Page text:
BWW Review: LETTERS LIVE, Royal Albert Hall
Almost six years since its first outing at the Tabernacle, Letters Live last night put on its biggest show yet: in the grandiose and historic setting of the Royal Albert Hall. As well as celebrating the joy and emotion of the written word, with the help of a stunning array of talent, the shows also seek to support charitable causes - this time it was the turn of the National Literacy Trust.
Over the course of three hours, the audience was treated to a wide-ranging selection of correspondence, including everything from noisy neighbours and Albert Hall shenanigans, to a prolifically flatulent dog.
On paper (pun most definitely intended), a whole evening dedicated to people reading out letters doesn't necessarily sound like the most exciting thing ever - even with the promise of famous faces putting in an appearance to do the honours. However, as we know from Shakespeare in particular, the letter is an excellent theatrical device, and you mustn't underestimate its power.
Adding in the fact that these are all absolutely genuine certainly helps, too. Knowing that there's a real voice behind it - on a couple of occasions last night these voices actually 'performed' their own compositions - adds an extra dimension; the sense of humour conveyed in their words are real, as are their emotions, beliefs, and experiences.
There wasn't any particular theme to the letters picked for this event, though the subject of war featured fairly heavily (whether as a backdrop to a love story or a first-hand account of its damage), as did some displays of female strength, and also the climate emergency that has engulfed the planet.
As it is quite a lengthy event, regular injections of humour are absolutely vital. Early highlights were Asim Chaudhry's Chabuddy G-style delivery of Oscar Brittle's letter to the Sydney Morning Herald about the various meats he has eaten, Alan Carr's reading of a letter from Marcel Proust about his loud and uninhibited neighbours, and Benedict Cumberbatch going into excruciating detail thanks to [Name Withheld] filling in some gaps for the health insurance company. Jude Law invoicing the Ritz through a letter from The Rozzers also provoked much mirth.
Taika Waititi was another hit of the evening, both for a fittingly surreal performance of a letter and poem from Salvador Dali, and for a 2004 note from New Zealander Justin Lee to the local police about a speeding incident - except, according to the authorities, Lee had been driving a different car (with the same registration number) in 1974. The date of his birth. The content was cleverly and hilariously crafted, then taken to a whole new level thanks to Waititi's irreverent style.
One of the biggest welcomes of the night was reserved for Olivia Colman, as she gave us a kind of preview of what's to come in The Crown next month, reading a letter from Elizabeth II's mother to her mother-in-law during the Blitz. She also teamed up with Alan Carr for an hilariously disturbing "Dear Dolly..." exchange, and voiced literary agent Peggy Ramsay in an encouraging message to playwright David Hare.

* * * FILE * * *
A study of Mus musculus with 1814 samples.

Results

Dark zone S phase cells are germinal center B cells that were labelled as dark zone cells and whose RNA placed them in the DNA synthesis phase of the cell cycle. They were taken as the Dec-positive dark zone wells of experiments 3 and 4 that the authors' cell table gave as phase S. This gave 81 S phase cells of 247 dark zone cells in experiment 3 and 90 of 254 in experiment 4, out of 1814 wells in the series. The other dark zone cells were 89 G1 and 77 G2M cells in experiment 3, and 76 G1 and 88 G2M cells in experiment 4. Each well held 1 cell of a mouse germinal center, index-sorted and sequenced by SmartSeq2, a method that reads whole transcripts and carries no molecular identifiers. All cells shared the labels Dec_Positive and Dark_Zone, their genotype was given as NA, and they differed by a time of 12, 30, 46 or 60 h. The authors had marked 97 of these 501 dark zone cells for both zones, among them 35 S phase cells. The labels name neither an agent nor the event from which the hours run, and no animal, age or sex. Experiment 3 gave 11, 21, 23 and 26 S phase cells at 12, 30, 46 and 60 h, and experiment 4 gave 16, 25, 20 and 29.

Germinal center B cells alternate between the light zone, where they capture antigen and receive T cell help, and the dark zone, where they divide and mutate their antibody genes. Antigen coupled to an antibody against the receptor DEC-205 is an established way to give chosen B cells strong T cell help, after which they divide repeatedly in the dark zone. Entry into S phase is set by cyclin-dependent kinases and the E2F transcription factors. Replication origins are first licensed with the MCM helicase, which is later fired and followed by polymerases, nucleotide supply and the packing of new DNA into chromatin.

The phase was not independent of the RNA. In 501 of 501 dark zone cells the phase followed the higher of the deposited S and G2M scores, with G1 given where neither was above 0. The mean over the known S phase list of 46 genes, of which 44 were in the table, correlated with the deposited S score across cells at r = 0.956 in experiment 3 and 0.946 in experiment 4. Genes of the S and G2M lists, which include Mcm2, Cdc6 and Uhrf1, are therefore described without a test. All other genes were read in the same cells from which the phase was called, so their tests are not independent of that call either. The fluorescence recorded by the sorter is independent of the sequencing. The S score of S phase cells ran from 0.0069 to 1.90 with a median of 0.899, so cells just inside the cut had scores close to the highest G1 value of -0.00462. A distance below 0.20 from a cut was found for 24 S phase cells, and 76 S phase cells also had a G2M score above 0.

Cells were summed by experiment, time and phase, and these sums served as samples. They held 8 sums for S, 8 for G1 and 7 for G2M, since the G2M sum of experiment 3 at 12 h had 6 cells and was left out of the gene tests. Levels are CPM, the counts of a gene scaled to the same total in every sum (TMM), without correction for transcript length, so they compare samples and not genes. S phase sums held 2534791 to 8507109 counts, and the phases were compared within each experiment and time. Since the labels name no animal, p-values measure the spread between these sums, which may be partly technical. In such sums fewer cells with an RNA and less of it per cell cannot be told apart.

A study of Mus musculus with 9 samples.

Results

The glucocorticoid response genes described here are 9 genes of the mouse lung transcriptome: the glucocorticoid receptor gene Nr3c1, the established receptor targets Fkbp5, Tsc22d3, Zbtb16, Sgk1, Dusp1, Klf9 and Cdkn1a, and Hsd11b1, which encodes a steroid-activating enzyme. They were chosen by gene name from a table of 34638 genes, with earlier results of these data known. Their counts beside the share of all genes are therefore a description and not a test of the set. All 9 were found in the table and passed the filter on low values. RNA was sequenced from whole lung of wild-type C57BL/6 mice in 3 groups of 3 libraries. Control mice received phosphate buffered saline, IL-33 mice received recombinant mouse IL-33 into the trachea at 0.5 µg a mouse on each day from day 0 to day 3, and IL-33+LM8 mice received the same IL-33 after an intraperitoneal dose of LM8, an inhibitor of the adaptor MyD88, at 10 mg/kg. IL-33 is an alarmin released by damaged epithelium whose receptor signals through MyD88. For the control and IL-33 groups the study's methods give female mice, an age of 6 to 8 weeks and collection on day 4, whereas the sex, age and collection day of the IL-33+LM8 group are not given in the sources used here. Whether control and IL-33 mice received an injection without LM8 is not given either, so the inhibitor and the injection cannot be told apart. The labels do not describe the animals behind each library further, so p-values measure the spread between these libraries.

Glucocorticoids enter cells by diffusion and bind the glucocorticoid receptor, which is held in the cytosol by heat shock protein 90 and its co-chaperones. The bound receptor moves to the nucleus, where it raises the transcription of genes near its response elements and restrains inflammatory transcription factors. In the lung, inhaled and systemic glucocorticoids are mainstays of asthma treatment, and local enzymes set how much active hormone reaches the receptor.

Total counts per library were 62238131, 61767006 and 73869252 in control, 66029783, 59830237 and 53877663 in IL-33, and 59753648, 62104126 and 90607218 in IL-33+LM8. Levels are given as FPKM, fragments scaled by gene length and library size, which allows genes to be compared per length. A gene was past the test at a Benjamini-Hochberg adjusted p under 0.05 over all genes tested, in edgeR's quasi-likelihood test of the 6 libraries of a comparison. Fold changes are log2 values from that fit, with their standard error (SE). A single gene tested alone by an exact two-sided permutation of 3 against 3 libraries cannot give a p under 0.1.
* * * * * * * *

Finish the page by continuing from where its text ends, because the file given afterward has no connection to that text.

There were also some incredibly touching readings, such as Toni Morrison's letter of support to then senator Barack Obama (read by novelist Chimamanda Ngozi Adichie), Crystal Clarke reading Melissa Harris-Perry's response to politician Richard Mourdock describing rape as an 'act of God', and Stephen Fry reading a letter he penned to help a fan through her depression, describing it as being "similar to weather". Jude Law's delivery of foreign correspondent Fergal Keane's letter to his newborn son (written as he cradled him in his arm) was also rather moving, full of hopes and fears for the future.
There have been bizarre things going on in the theatre of politics since its establishment, but current events are doing their best to rival moments from history - enter Rory Stewart. The announcement of a letter from Eton to Stanley Johnson elicited a gleeful response from most of the audience, but Stewart's introduction as the reader led to an extraordinary reaction; if anyone from the Conservative Party was going to do it, it had to be him - but that didn't stop shockwaves from rippling through the hall as he enjoyed a rousing reception.
"Boris sometimes seems affronted when criticised" drew an especially strong response, as it became apparent to the uninitiated that very little seems to have changed in Johnson's character since 1982. This was a very clever inclusion in the programme, and one of the more entertaining school reports you'll hear onstage.
As well as some musical performances from Sampha and later Damon Albarn, other highlights for me were Louise Brealey summoning the spirit of Emmeline Pankhurst writing to the WSPU in 1913, Asim Chaudhry and Stephen Fry reading an exchange contesting the ownership of the Sydney Opera House, and Alan Carr sending everyone into hysterics with Roald Dahl's description of a farting dog in a letter to his mother.
The evening ended on a sombre and thought-provoking note, with Benedict Cumberbatch reading a letter from environmentalist Wallace Stegner about the importance of retaining the "wilderness", emphasising the fact that this was written back in 1960. On the whole an emotional rollercoaster of a night, with tears of joy and sorrow, fascinating insights into humanity, and lots of important things to ponder. An essential event that you must take the time to experience.